The guitar tapping technique involves tapping or hammering on any note of a string using the middle finger of your picking hand. Then you pull off to a note you are holding with your fretting hand. After that, you would pull off to a second fretted note and maybe hammer-on to a 4th note. This is the last of the guitar techniques that use hammer-ons and pull-offs.
What is the guitar tapping technique
Guitar tapping is a variation of the hammer-on and pull-off technique. The only difference is the first hammer-on\tap is done with either the index or middle finger of the picking hand. Then that same finger lifts or pulls off to play the next note.
That’s really the basics of guitar finger tapping – it’s just a hammer-on. But let’s take a closer look at the technique.
Guitar finger tapping in detail
First off, know that you need to fret the 2nd and 3rd note to be played, and you use your normal fretting fingers. I prefer fretting a minor 3rd with my index and ring finger. That’s the first step – you want to be ready with those notes after the tap.
In the first example below I hold down the A 5th fret 1st string with my index\pointer finger and the C at the 8th fret with my ring finger. The first note I play is the tapped E at the 12th fret and I use the middle finger of my picking hand.
Keep two things in mind. First, I only play my acoustic and this technique is best suited for an electric guitar. As a result, I need to pull off with my tapping finger to be able to hear the second note.
Secondly, I’m not a huge fan of this technique. It’s cool and I work it in from time to time, but it’s not a go-to guitar technique for me.
Anyway, you come straight down on your target note with the picking hand middle finger. which is the “tapping” part of this technique. Then you either pull-off (acoustic) or lift off (electric) to play the 2nd note. Immediately follow that with another pull-off to the note held by your index finger.
That would be a triplet. Hammer-on to the 2nd note to play a 4-note 16th phrase – repeat.
Guitar tapping tablature exercises
For the two TAB examples below I have 4-note 16th note and triplet riffs with a resolve to the tonic minor or major chord, however, go to any other chord that works for your riffs.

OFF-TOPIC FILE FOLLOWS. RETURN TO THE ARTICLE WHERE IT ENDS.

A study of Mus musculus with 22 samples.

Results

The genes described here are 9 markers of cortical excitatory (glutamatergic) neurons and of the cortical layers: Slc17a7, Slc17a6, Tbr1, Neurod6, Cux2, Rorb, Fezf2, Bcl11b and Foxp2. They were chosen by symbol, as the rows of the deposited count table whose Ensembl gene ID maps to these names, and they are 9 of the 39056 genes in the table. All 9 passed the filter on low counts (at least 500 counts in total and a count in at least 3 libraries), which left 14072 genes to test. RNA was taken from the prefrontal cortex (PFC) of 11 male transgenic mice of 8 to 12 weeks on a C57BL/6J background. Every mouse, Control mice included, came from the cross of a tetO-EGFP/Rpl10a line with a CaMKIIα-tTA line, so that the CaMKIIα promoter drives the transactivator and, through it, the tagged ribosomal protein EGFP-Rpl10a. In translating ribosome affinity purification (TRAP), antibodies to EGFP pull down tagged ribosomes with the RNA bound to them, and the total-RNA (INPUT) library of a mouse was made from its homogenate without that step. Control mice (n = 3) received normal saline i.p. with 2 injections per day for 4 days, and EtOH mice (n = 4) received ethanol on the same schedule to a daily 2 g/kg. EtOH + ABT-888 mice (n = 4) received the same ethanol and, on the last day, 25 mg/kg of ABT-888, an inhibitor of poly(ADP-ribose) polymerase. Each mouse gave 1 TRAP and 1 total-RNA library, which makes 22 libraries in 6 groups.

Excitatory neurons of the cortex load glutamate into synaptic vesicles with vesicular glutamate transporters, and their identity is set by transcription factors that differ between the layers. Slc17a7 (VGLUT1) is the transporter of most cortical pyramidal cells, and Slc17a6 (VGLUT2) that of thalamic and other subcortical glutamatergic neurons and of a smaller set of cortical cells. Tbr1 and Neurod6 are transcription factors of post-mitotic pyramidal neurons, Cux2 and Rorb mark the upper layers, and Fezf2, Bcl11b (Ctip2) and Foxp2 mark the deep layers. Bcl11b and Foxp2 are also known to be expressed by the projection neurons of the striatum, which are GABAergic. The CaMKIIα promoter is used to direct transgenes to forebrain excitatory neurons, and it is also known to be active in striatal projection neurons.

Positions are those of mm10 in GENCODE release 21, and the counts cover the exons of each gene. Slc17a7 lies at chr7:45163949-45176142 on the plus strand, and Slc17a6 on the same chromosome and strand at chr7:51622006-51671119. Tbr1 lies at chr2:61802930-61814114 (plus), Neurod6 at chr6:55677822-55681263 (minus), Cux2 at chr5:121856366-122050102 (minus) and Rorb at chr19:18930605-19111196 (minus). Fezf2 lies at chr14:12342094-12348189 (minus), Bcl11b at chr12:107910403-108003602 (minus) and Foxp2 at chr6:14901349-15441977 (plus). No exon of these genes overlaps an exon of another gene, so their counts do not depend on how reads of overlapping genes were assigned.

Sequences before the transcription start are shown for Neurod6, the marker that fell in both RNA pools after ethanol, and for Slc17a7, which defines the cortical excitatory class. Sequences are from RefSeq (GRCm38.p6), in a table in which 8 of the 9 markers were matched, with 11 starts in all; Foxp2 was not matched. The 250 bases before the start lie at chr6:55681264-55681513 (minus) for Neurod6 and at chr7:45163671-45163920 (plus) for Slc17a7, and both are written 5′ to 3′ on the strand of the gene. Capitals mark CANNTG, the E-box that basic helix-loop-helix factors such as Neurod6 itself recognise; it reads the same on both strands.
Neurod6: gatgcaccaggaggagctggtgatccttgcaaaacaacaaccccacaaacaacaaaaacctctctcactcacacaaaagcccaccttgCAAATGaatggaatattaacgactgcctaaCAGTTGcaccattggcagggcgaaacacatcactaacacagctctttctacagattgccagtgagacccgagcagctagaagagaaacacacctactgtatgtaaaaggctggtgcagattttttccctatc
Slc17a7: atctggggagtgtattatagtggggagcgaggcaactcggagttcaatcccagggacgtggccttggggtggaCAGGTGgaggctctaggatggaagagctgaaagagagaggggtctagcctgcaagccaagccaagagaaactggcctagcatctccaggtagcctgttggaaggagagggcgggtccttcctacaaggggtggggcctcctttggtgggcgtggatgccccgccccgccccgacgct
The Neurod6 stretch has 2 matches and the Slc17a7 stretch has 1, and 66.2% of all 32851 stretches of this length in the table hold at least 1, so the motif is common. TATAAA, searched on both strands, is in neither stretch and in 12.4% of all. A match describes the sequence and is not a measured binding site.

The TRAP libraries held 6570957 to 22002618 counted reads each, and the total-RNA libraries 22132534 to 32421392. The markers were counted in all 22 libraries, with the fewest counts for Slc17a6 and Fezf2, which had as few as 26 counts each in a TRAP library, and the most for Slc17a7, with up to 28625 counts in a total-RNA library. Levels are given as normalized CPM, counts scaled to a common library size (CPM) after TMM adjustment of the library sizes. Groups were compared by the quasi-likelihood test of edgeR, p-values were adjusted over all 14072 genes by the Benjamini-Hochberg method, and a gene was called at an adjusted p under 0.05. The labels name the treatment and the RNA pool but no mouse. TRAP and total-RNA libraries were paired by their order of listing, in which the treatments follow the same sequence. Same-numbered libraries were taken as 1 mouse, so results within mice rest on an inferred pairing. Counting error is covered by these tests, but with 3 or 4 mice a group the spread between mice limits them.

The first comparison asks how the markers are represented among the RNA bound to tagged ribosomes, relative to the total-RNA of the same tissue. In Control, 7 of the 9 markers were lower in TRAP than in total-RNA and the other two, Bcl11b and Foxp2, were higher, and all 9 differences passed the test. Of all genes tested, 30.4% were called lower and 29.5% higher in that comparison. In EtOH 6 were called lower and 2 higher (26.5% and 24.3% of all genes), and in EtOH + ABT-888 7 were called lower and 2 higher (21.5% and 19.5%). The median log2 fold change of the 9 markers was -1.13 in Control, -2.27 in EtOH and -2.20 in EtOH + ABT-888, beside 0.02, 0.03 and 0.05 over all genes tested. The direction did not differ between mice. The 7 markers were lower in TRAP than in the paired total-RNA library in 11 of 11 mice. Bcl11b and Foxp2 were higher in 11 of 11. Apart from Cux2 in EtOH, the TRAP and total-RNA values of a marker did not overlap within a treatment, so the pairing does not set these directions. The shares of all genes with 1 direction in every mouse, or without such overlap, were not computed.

The first set of exercises involves an A minor triad resolving to an A note. The 2nd chord can be looked at as an Am add9 or a Cmaj13 no 5th and I resolve that to a C note. For the Am riff, it’s the 5th, minor 3rd, and root note.
The actual technique is:
- Come straight down with your middle finger on the 12th fret,
- Immediately pull-off to play the fretted note on the 8th fret,
- Then immediately pull-off to the fretted 5th note – that’s an Am triad in reverse (E-C-A).
The following TAB starts with a C7 no 5th (E-C-Bb) resolving to F major, followed by a Bdim (F-D-B) or G7 no root resolving to C major.
Come up with your own arpeggios or scale riffs with as many or as few notes that sound good to you. Try a dominant 7th without the 3rd like D7 no 3rd (D-C-A). Experiment and get creative!
The hardest part of this guitar technique is correctly tapping the first note and have it ring out clearly and in time. And then maybe the pull-off with the tapping finger if you are playing acoustic like me. After that, it’s just pull-offs and hammer-ons.
Give it a shot and add another tool to your guitar technique toolbox. For real-world examples listen to songs with these guitar players that I like: Stanley Jordan, Eddie Van Halen, Steve Vai, Joe Satriani, Allan Holdsworth, and Michael Hedges.